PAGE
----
Facebook tribute pages and illiterate floral shrines to Raoul Moat, the 37-year-old Tyneside bouncer who shot his ex-girlfriend, her partner and a police officer, turning the gun on himself following a week-long manhunt, have caused outrage in parliament and the press, with columnists falling over themselves to decipher what this says about Britain.
Conspicuous by their silence, though, were members of the bouncer community themselves, and this reluctance to comment was seen by many in the wider community as tacitly condoning Moat's manifesto of misogyny and his hatred for the police, perhaps even seeking to elevate him to martyr status, or as one commentator put it, "our generation's Diana".
Against this back-drop of mounting media outrage and political pressure, The Council of British Bouncers (CBB), an organisation claiming to represent moderate, mainstream British bouncers, issued a statement to the media condemning the actions of Raoul Moat.
CBB Secretary-General, Dave Hammond, reading from the statement to the press conference at Cadillacs, Bracknell's premier nightspot, said that the methods of Raoul Moat “disgusted all true bouncers” and should not be taken to represent the mainstream bouncer community.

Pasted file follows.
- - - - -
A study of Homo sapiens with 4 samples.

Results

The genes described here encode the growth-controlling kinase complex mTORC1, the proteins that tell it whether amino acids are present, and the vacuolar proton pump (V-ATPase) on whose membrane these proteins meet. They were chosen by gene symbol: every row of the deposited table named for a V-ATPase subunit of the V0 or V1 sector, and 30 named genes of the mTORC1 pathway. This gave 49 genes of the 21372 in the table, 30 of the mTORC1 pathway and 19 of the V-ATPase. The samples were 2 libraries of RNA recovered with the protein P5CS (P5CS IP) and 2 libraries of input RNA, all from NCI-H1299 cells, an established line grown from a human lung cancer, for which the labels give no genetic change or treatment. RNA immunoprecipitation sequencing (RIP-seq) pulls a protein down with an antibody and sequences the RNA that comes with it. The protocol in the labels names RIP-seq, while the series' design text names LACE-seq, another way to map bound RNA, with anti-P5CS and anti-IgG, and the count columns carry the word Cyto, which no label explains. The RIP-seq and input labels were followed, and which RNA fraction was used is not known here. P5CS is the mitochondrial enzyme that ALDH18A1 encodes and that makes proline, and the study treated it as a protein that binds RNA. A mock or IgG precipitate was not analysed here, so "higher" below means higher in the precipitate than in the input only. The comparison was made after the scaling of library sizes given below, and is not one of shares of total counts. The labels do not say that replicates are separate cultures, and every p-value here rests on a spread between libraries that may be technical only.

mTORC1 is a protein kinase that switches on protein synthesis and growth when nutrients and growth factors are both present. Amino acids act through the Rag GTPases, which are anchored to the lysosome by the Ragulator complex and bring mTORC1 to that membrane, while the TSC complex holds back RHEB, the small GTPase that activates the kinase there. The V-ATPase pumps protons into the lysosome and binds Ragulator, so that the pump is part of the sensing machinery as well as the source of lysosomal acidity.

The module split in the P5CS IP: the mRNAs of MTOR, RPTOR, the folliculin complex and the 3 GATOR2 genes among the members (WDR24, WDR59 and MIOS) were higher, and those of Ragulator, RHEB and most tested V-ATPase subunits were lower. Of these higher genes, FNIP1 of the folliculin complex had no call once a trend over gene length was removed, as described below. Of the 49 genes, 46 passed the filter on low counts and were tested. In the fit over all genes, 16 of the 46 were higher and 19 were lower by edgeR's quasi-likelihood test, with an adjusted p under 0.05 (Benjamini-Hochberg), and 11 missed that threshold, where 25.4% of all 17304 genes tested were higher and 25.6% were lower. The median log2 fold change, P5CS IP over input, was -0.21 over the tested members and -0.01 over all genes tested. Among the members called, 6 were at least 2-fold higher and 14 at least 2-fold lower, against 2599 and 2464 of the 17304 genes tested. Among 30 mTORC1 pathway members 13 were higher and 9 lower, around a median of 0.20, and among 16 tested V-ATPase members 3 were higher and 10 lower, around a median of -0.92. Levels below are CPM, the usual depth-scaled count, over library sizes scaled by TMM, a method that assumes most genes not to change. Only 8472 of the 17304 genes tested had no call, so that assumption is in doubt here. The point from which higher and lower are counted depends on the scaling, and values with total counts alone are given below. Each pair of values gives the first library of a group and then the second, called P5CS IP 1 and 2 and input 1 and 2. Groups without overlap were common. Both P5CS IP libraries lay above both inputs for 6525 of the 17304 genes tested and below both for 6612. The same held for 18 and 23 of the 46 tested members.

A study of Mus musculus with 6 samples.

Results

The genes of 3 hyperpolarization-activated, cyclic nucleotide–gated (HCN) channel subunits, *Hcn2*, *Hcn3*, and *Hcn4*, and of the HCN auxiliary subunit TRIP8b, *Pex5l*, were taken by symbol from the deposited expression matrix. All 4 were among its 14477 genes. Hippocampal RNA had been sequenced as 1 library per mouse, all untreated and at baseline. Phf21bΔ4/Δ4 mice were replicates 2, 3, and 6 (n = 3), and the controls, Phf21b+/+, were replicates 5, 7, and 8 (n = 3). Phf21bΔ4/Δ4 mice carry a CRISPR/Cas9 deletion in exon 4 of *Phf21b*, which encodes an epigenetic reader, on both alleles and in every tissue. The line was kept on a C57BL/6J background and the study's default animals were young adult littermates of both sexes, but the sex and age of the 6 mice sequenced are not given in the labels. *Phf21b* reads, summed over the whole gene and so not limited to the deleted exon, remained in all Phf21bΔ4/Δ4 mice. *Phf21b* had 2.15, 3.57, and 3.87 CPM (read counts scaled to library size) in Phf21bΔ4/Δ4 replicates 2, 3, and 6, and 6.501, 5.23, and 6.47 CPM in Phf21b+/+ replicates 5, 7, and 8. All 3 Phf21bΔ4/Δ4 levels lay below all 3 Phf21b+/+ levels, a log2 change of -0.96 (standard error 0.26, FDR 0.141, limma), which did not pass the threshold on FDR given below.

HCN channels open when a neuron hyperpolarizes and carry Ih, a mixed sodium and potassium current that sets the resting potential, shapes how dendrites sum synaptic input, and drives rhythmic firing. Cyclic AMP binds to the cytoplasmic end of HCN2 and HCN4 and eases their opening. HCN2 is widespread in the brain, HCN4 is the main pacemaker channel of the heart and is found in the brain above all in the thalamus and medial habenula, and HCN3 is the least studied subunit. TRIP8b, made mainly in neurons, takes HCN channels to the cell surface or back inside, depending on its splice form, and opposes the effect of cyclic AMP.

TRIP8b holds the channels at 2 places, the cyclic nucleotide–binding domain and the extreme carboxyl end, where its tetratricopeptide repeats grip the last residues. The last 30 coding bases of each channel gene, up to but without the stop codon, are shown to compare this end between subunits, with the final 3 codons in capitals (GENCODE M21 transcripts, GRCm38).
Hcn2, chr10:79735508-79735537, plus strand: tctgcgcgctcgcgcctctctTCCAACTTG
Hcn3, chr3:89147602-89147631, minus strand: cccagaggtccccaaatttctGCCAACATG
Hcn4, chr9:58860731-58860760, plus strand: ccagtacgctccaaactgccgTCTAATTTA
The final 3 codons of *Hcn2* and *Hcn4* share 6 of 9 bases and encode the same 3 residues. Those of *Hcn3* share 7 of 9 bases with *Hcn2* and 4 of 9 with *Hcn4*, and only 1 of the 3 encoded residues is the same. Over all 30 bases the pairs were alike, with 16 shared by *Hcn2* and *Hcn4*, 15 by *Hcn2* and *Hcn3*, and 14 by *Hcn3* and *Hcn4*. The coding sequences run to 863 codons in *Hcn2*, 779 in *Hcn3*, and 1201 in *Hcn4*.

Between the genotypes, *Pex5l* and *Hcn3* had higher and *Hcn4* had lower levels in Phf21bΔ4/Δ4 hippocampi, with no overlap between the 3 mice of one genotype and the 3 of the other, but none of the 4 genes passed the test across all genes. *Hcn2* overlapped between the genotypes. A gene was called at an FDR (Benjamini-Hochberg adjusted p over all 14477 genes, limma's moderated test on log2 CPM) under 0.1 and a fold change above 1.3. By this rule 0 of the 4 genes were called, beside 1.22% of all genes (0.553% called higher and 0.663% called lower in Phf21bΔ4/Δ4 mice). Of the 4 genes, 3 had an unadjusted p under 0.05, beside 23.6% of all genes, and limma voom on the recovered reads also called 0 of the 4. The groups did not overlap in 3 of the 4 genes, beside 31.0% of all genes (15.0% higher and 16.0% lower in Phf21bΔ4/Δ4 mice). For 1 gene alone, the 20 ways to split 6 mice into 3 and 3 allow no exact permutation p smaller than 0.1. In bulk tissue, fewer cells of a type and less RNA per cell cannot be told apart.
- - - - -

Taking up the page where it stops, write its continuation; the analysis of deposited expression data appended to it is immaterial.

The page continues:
“Bouncing is not about violence. It is about creating inner peace within the walls of a nightclub or pub, checking ID and chatting up skirt in the queue. Some have tried to paint this senseless and barbaric series of events as evidence of an on-going war between bouncers and the wider community, and we are wary of those who would use this to promote that agenda.
“It is true that bouncers believe trouble-makers should be removed, but wherever possible in a non-violent way, and only from the clubs we're on the door for. Raoul Moat should have looked at other options for dealing with his ex and her new bloke. It is vital that the moderate majority of bouncers is vocal in their condemnation of fanatical extremists like Moat, and express their commitment to equality and respect...providing you’re not wearing a hoody or trainers, obviously.”
The press conference was half-empty due to hacks who appeared drunk being turned away at the door, and seemed to feature an unusually high proportion of young blonde journalists in white stilettos, but was cut short after a sarcastic question from a student journalist about steroid use in the bouncer community triggered the assembled CBB members to drag him outside and beat the crap out of him.